The whole object of travel is not to set foot on foreign land; it is at last to set foot on one’s own country as a foreign land.” – G.K. Chesterton

Saturday, 8 September 2007

Chocolates in New York

We've been having so much fun trying out all sorts of different brands of dark chocolate available in NYC. I've lost track of the brands we've tried, but there are a few that I quite like. It's easier to write about the different taste of chocolates when you have several to compare with at the same time, so this review features three brands. For fairness and consistency, I've reviewed only plain chocolates that have the same cacao content and cost at least $4 for a 100g bar.

75-77% cacao

First up is Select Origin Chocolates ($3.75 for 85g) by Lake Champlain Chocolates (LCC). Rob loves these! I am pretty impressed with this, for an American brand. The Tanzania Dark Chocolate contains 75% cacao, yet it is really smooth and sweet - surprising for such a high cacao content. The ingredients list is also quite plain: cocoa mass, sugar, cocoa butter and soybean lecithin. No added flavours, yet it has a light fruity fragrance.

The Vintage Plantations Arriba Chocolates ($3.99 for 100g) are the first Rainforest Alliance-certified bars, which gives us the assurance that third-world farmers are not being exploited to make these chocolates whilst preserving the Ecuadorian rainforest. These Arriba cocoa are grown solely in Ecuador, and the packaging says that these chocolates are processed at the plantation in Ecuador itself. I like the idea behind this chocolate brand, and since our previous encounter with Ecuadorian chocolate was good (compared with Venezuelen and Trinidad), I didn't hesitate in grabbing the 75% Dark to try. The first thing that struck me was the strong fragrance even before opening the packaging. A bit of research reveals that the "Arriba” is the only cocoa bean with a perfumed floral scent, and the ingredients list reflects the aim to preserve this floral note with no added flavours or vegetable fat. The texture is not very smooth, and the taste is a bit tart and astringent, reminiscent of the taste of tannins in unripe fruits. It has quite a woody flavour too, if that makes sense. Rob actually didn't like this chocolate as much as others he's tried. He thought it had a strong liquour taste, which I think is attributed to the strong fragrance. Myself, I actually enjoyed this - it's a chocolate with a good cause.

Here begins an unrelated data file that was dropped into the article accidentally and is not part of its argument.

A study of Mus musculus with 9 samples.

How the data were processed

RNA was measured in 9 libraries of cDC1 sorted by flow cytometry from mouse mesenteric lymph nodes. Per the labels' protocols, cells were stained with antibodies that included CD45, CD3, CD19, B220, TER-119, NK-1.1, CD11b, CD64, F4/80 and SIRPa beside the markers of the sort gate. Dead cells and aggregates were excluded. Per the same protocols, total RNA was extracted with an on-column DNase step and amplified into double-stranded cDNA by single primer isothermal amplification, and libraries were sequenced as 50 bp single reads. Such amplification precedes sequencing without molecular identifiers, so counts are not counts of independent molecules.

The last chocolate from this list was the most expensive (more than $5 for 50g bar), but the most disappointing too. Teuscher is a Swiss brand name, and we picked up this Chocolate 77 bar at their Fifth Avenue shop in the Rockefeller Centre. Swiss chocolates are one of our favourite types, but my disappointment with this particular brand did not stem from un-met high expectations. Yes, it was smooth, as is characteristic of chocolates from Switzerland, but it was bland. It was neither sweet nor bitter, and considering its significant 77% cacao content, where was that chocolatey taste? The lack of character failed to impress. Perhaps they make good truffles?

70% cacao

For the 70% cacao content chocolates, there's LCC's Sao Thome Dark Chocolate and Scharffen Berger (SB) which is another an American brand. The LCC Sao Thome chocolate is smooth and sweet with a subtle undertone of vanilla flavour. It has a more woody chocolate flavour than the SB chocolate bar. The SB chocolate ($4.99 for 100g) has a smooth mouthfeel and a light fruity tang, but it contains added vanilla which kinda overwhelms the tastebuds compared to the LCC Sao Thome. We both prefered LCC chocolate because it tasted more chocolatey than SB, which is great because it's also cheaper.